It’s time to start thinking about preserving the flavors of summer!
Whether you are looking to preserve your own harvest, gifts from generous family and neighbors, or just shopping the farmers market for great deals on bulk produce while it is in season, canning is a perfect way to preserve the summer harvest.
Of the three most common ways of preservation (canning, dehydrating, and freezing), canning is great because it doesn’t require freezer space. And, while dried fruits and veggies are great, it’s pretty hard to preserve salsa or jam by dehydrating.
Water Bath: This technique is great for high-acid foods like fruits, juices, jams, salsas, tomatoes, pickles, etc. By filling jars with an acidic food, covering them and boiling them until a seal forms, you are forcing the air out of the food and out of the jar, creating a vacuum in an acidic environment in which bacteria cannot live.
Pressure Canning: This method is recommended for vegetables, meats, poultry and seafood. These foods are considered low-acid, and safety is key. A pressure canner heats the contents of the jar to 240⁰F, ensuring no bacteria is left in your jar.
High-acid foods are the place to start for beginning canners and the water bath method doesn’t require any particularly unique equipment, making it perfect for just starting out.
Water Bath Canning
- Large, deep sauce pot with a lid (The pot should be 4-6 inches taller than the jars you plan to use for canning.)
- A circular rack that fits inside your pot of choice (If you don’t have a rack, we have successfully placed butter knives in the bottom of our pot to elevate the jars.)
- Glass preserving jars, lids, and bands (Always start with new lids.)
- Wooden spoon, ladle and funnel
- Jar lifter or long metal tongs
- Your produce to be canned. Use only fresh, blemish-free produce.
There are two methods for filling jars to be canned: “cold packing” or “hot packing.” The methods are just as they sound. For “cold packing,” cold, raw ingredients are packed into a jar, and a hot liquid is poured over them. This is typically used for processing whole vegetables and pickles. “Hot packing” is when the foods are pre-cooked to boiling and poured, hot, into the jar. This is the method used for jams and some salsas and chutneys.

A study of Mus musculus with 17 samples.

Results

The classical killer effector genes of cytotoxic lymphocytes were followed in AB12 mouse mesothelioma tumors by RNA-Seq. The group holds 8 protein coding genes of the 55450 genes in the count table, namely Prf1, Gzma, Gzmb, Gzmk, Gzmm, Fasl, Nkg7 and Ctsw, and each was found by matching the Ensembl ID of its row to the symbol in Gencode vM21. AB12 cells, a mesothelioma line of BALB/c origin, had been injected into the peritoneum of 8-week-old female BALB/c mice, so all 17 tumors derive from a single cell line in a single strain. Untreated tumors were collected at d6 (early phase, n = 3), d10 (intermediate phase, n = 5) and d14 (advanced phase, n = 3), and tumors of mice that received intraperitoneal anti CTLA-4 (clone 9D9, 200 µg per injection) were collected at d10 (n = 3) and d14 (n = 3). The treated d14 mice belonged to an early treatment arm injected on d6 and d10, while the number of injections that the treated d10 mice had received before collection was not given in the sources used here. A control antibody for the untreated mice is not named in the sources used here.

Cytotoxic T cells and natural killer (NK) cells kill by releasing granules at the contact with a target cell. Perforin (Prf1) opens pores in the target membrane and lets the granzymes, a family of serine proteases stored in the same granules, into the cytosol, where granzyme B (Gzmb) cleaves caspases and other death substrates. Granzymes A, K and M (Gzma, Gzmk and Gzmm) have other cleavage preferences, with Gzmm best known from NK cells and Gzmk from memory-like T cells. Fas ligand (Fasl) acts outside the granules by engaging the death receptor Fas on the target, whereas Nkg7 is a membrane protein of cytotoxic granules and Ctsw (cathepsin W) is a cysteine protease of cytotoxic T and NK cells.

Wash the jars, lids and bands in hot soapy water. Check the jars for any nicks or cracks while washing them. Place the clean jars in a pot of boiling water and boil for 10 minutes to sanitize them (This can be your water canner or a smaller pot.) You can either keep the jars in the boiling water until you need them, or place them on a cookie sheet in a preheated 250⁰F oven. The important thing is to keep them hot and sanitary until they are sealed.
Prepare the water canner. Fill your pot ¾ full with water. Place a rack inside the pot. (The metal of the bottom of the pot is much hotter than the boiling water. It is important to keep the jars off of the bottom of the pot, so they don’t get too hot and crack.) Cover the pot and bring the water to a simmer.
Then, prepare the preserving recipe using fresh, unblemished fruits and vegetables.
Fill the jars. Remove the hot jars from the oven or boiling water. Fill them, one at a time, leaving the recommended headspace. Headspace is important; too much, and the vacuum won’t form properly, too little, and if your food boils inside the jar, you could have a leaky mess. (Typically, leave 1/4 inch for soft spreads and 1/2 inch for whole produce and salsas.)
Cover the jars. Clean the rim and threads of the jar after filling, using a clean, damp cloth. Center the lid on the jar, making sure the sealing compound is in contact with the jar rim. Screw on the band until it is finger-tight. (Use pot holders. Your jars are hot!) Place the jars in the boiling water using long-handled tongs or a jar lifter. Be sure to have 1-2 inches of water covering the tops of the jars. Place the lid back on the pot.
Process the jars in the boiling water for the time indicated in the preserving recipe. Your processing time begins when the water returns to a boil.
Remove the jars from the canner and set upright on a towel or cooling rack. (Do not set them directly on the counter, as the difference in temperature could cause the jars to crack.) Leave the jars undisturbed for 12 – 24 hours. (As the jars cool, you will hear the wonderful melody of seals popping!)
Check the jar lids for a seal. The lids should not flex when pushed in the center. Remove the bands and try to lift the lid off with your fingers. (If the jar has not sealed within 24 hours, you can reprocess the jar immediately or refrigerate the contents.) Clean the jars and lids, and return the bands to the jars.
Label and store your creation in a cool, dry place. Jars processed with the water bath method are good for 2-3 years. Be sure to check your jars periodically to ensure the seals are still holding and the contents look the same as they did the day you canned them.
There you have it!
Summer produce all ready to be enjoyed throughout the winter!